Faith Middleton Show: Authors of Final Verdict and You Lost Me There
Final Verdict: What Really Happened in the Rosenberg Case
by Walter Schneir
A new narrative of the famed case that finally solves its remaining mysteries, by the author of the bestselling Invitation to an Inquest
Walter and Miriam Schneir’s 1965 bestseller Invitation to an Inquest was among the first critical accounts of the controversial case of Julius and Ethel Rosenberg, famously executed in 1953 for passing atom bomb secrets to Soviet Russia. In Invitation the Schneirs presented exhaustive and damning evidence that key witnesses in the trial had changed their stories after coaching from prosecutors, and that the FBI had forged evidence. The conclusion was unavoidable: The Rosenbergs were innocent.
But were they?
Thirty years after the publication of Inquest, Walter Schneir was back on the case after bits and pieces of new evidence started coming to light, much of it connecting Julius Rosenberg to Soviet espionage. Over more than a decade, Schneir continued his search for the truth, meeting with former intelligence officials in Moscow and Prague, and cross checking details recorded in thousands of government documents.
The result is an entirely new narrative of the Rosenberg case. The reality, Schneir demonstrates, is that Rosenbergs ended up hopelessly trapped: prosecuted for atomic espionage they didn’t commit—but unable to admit earlier espionage activities during World War II.
As it happened, Julius Rosenberg was only marginally involved in the atomic spy ring he was depicted as leading—while Ethel, critically, was not at all involved. The two lied when the contended they knew nothing about espionage. Ethel knew about it and Julius had practiced it, but the government’s contention that they had stolen the “secret” of the atom bomb was critically and fatally flawed.
You Lost Me There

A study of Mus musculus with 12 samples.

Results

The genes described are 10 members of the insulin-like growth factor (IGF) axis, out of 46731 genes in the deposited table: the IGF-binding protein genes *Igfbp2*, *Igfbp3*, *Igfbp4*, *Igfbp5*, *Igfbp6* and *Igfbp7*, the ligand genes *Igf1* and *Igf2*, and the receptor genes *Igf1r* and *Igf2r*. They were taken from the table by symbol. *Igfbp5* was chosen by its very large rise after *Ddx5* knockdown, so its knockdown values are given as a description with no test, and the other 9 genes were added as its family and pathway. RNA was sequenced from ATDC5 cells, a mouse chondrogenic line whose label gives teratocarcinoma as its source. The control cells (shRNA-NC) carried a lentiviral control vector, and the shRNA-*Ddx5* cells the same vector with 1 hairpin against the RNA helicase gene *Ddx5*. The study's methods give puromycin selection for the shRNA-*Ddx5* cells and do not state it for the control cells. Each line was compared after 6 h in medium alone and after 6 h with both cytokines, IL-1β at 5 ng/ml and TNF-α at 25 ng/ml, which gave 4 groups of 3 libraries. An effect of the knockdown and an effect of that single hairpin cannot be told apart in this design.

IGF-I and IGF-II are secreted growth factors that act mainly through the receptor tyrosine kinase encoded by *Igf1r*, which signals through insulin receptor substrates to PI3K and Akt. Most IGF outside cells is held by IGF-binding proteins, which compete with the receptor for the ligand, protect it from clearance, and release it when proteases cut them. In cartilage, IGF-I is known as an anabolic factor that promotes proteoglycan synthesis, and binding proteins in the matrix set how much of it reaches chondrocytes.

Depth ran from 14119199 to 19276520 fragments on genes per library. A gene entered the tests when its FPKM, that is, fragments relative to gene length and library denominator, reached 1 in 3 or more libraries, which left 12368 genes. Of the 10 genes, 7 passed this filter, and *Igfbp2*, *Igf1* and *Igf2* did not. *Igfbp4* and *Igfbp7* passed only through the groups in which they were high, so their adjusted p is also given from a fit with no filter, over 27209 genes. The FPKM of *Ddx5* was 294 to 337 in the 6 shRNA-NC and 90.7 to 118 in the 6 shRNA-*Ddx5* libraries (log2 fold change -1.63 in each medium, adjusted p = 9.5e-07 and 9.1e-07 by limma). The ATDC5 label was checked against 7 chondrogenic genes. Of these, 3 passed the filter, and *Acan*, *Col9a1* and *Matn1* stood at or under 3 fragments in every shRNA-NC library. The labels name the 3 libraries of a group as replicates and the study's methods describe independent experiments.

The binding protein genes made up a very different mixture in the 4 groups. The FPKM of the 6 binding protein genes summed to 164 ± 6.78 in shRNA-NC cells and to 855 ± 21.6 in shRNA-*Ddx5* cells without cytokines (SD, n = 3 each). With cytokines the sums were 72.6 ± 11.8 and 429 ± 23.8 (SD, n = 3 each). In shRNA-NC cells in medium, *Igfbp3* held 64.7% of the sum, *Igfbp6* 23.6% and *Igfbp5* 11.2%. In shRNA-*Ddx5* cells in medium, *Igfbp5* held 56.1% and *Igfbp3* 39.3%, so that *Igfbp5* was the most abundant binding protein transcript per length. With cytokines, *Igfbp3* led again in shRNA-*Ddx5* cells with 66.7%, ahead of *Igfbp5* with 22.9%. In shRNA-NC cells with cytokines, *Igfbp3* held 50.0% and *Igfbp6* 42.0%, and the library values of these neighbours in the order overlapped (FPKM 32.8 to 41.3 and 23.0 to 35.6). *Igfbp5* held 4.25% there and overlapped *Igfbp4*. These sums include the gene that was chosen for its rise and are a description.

by Rosecrans Baldwin
A dazzling debut that is at once a lightly erudite novel of ideas and a darkly charming love story set on an island off the coast of Maine-the perfect sophisticated summer read.
By turns funny, charming, and tragic, Rosecrans Baldwin's debut novel takes us inside the heart and mind of Dr. Victor Aaron, a leading Alzheimer's researcher at the Soborg Institute on Mount Desert Island in Maine. Victor spends his days alternating between long hours in the sterile lab and running through memories of his late wife, Sara. He has preserved their marriage as a sort of perfect, if tumultuous, duet between two opposite but precisely compatible souls.
But one day, in the midst of organizing his already hyperorganized life, Victor discovers a series of index cards covered in Sara's handwriting. They chronicle the major "changes in direction" of their marriage, written as part of a brief fling with couples counseling. Sara's version of their great love story is markedly different from his own, which, for the eminent memory specialist, is a startling revelation. Victor is forced to reevaluate and relive each moment of their marriage, never knowing is the revisions will hurt or hearten. Meanwhile, as Victor's faith in memory itself unravels, so too does his precisely balanced support network, a group of strong women-from his lab assistant to Aunt Betsy, doddering doyenne of the island-that had, so far, allowed him to avoid grieving.
Rosecrans Baldwin shows himself here to be a young writer bursting with talent and imagination who deftly handles this aching love story with sensitivity and unexpected maturity. You Lost Me There is a treasure of a book filled with beautiful, intelligent prose, a book that wears its smarts lightly and probes its emotions deeply.